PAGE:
Home / Cricket / Shai Hope comes of age to guide West Indies to historic win over England

Shai Hope comes of age to guide West Indies to historic win over England

Shai Hope, who became the first batsman to score two hundreds in a first-class game at Leeds, guided the West Indies to a five-wicket win over England to level the three-match series 1-1. This was Windies’ first Test win in England since 2000.

cricket Updated: Aug 30, 2017 15:55 IST
HT Correspondent
HT Correspondent
Hindustan Times, Mumbai
Shai Hope’s 147 and 118* helped the West Indies beat England by five wickets at Leeds to level the three-Test series 1-1.
Shai Hope’s 147 and 118* helped the West Indies beat England by five wickets at Leeds to level the three-Test series 1-1. (Twitter/CricketWestIndies )

There are a few knocks in every player’s career, which define their sheer grit and determination, calibre to play the game and the ability to perform under pressure. From VVS Laxman’s 281 against Australia to Sachin Tendulkar’s ‘desert storm’ in Sharjah, there are a select few that fans like to trace back to, to simply relive the experience.

(Read | Jason Holder hails Shai Hope’s batting heroics after historic win over England)

For Shai Hope, the 23-year-old from Barbados, it has to be the second Test of the ongoing series against England. With 11 caps in the longest format of the game and only a single half-century to show, there really shouldn’t have been too much to hope for. Yet, he held on. His batting average, which was a shoddy 18.61, shot up to 29.81 by the end of the Test, and his side achieved something they haven’t in the past 17 years — a Test win in England. The hosts didn’t play poorly. It was just that hope triumphed over expectation at Headingley.

(Read | ‘We have the fight, belief,’ Shai Hope says Test cricket not dead in Windies)

After being selected in the squad when the Englishmen came to tour the Caribbean islands in 2015, Hope failed to make it to the playing XI in the first two Tests before squabbling his chance in the third; getting dismissed for scores of just 5 and 9.

A month later, Australia played two Tests against the West Indies and blanked them 2-0. Hope could only add 80 runs in those four innings. For a cricketer who received his Test cap from the legendary Clive Llyod, living up to that honour seemed to get a bit difficult. Nonetheless, the youngster held on. With the board marred with internal conflicts and senior players refusing to bow down to the administration’s diktat, chances kept knocking on the door.

(Read | Stuart Law lauds wonderful Windies’ Headingley heroics vs England cricket team)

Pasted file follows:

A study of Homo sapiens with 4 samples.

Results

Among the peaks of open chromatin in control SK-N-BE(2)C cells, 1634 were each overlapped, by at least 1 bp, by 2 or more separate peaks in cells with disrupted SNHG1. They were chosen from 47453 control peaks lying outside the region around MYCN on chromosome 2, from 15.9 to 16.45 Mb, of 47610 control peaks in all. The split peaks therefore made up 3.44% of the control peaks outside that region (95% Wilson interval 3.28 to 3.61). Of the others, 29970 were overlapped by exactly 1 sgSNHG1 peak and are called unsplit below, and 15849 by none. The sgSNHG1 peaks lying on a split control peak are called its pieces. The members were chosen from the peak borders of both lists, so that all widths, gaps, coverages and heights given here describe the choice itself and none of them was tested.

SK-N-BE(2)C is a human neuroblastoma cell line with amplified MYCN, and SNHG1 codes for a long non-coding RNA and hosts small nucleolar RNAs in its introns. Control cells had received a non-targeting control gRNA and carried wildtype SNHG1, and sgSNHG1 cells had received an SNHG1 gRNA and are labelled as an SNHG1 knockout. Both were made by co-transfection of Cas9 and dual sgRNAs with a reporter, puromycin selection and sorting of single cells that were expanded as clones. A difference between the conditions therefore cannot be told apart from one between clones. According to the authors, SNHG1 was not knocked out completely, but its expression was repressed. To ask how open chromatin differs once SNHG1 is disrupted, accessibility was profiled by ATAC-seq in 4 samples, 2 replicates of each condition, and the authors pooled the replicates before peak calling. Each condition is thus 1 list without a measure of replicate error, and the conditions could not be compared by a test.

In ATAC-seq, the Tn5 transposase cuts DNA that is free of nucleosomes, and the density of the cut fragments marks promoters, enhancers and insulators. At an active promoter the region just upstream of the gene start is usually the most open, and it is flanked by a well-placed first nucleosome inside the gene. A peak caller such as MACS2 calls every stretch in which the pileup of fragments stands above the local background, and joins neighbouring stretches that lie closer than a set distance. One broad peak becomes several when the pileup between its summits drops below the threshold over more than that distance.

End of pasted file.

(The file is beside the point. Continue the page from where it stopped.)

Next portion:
Everyone knew of his potential. All he had to do was to prove his worth at the biggest level. He had hammered 628 runs in nine matches in the first-class format in 2014-15 and racked up another 538 runs at an average of 67.25 in the following season.

Shai Hope earned his ODI cap in 2016 and in the very second game, he smashed a cracking ton against Zimbabwe away from home. Although it would take him another eight knocks before getting to the half-century mark, it provided him with a bit of a breathing space. In the Test format, he played just two Tests in 2016, scoring 9, 11 and 41 in the three innings.

(Read | Joe Root laments costly miscalculations after West Indies defeat)

It was in 2017 when he finally scored his first double hundred in first-class cricket. And perhaps, it was a sign of things to come. After starting the year with scores of 2, 6 and 5 against Pakistan, he scored 90 in the second innings of the third Test, helping his side register a 106-run victory over the Asian giants. That consolidated his spot in the Test format as well. His 436 runs in 12 ODI innings also helped his cause to finally get the monkey off the back.

And finally, after climbing through those steep terrains where holding on to after a slip tested his character, he finally reached the peak at Headingley. His ton in the second innings helped his side chase down the mammoth 322-run target, something no team had been able to achieve since Don Bradman’s ‘Invincibles’ back in 1948.

West Indies are possibly in their worst shape ever, a tragic fall that saw their tag go down from being ‘All conquering’ to ‘minnows’ and yet, if there’s still hope and a belief that all is not over, the responsibility surely rests on the shoulders of young cricketers like Shai Hope -- who’ve clung on to get what they deserved.